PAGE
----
If you’ve spent any time in evangelicalism, you’ve most certainly heard the narrative that atheists are fools, bad people, bitter people. Atheists are nihilists without a moral code.
We need to stop.
It’s hurtful. It’s false. It’s a lie. It reflects poorly on the God that we worship when we say this nonsense.
Atheists are the villains in our narratives.
Chances are, I’m not the only one who’s heard the urban legends of the Conservative Evangelical Christian who goes to university to be attacked for his faith by his Atheist professor.
Just watch any recent Kevin Sorbo movie where he’s probably playing the evil atheist whose primary goal in life is to destroy the faith of all good Christians who happen across his path.
Conservative Evangelical Christians* love this narrative. It helps them feel secure in this lie that the “good” people exist solely within their safe little Christian bubble. The “bad” people are the ones sitting outside.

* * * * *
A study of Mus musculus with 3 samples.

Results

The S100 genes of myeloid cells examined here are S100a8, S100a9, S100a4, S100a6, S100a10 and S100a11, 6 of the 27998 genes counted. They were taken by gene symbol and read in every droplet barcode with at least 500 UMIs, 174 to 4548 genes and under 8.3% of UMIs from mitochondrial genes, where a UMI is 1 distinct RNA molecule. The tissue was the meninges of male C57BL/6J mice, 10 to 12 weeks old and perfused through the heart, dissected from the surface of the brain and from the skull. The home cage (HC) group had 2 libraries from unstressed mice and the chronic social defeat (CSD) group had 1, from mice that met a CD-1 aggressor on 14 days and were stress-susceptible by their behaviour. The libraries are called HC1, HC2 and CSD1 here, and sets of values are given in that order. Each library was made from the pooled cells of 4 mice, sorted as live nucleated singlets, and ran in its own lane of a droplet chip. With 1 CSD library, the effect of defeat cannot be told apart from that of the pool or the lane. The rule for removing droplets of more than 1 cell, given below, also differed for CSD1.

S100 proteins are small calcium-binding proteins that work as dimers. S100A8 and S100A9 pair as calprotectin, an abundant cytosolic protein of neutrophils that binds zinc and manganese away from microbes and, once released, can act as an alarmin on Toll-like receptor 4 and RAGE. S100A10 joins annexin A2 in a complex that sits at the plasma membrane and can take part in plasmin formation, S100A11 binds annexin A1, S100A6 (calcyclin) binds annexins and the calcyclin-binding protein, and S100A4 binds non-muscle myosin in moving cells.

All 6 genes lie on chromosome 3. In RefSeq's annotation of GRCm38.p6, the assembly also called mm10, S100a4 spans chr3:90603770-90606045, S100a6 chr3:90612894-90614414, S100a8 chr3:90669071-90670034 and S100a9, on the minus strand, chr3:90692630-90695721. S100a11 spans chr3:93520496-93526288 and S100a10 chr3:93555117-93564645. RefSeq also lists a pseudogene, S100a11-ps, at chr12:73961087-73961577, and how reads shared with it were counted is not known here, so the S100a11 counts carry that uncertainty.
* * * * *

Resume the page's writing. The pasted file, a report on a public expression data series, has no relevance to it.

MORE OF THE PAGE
So when a Conservative Evangelical Christian leaves that safe bubble and runs into someone (like the feared atheist) who challenges their faith, they feel threatened. They may even call that insecure feeling “persecution” because all their narrative has taught them is that atheists live to attack the Christian faith. How else could they interpret that feeling of discomfort?
Suddenly, we find ourselves in an Us Vs. Them situation.
And that’s a problem.
Go through the gospels. Who is the one group that Christ continually butted heads with? It wasn’t the Atheists. It wasn’t even nonbelievers. It was the religious leadership of that day who abused their people.
This “the Atheists are out to get us!” BS is nothing but a smokescreen.
Let’s look at ourselves. Let’s look at the church. If we’re really concerned about “bad” people, it’s not hard to find those people within Conservative Evangelicalism who actually are bad people; those who abuse their power in the church to steal from their parishioners or to hurt them. Predators. Groomers. Bullies.
These are, sadly, very easy people to find. You’ve probably, knowingly or unknowingly, met these people. Learned from them. Sat under their leadership. Worshipped beside them on Sunday morning.
Yet the finger pointing remains firmly on those outside the “safe bubble”.
What is wrong with this picture?
*and before anyone chimes in with #notallevangelicals or #notallchristians, yes I know and I agree. But that misses my point entirely.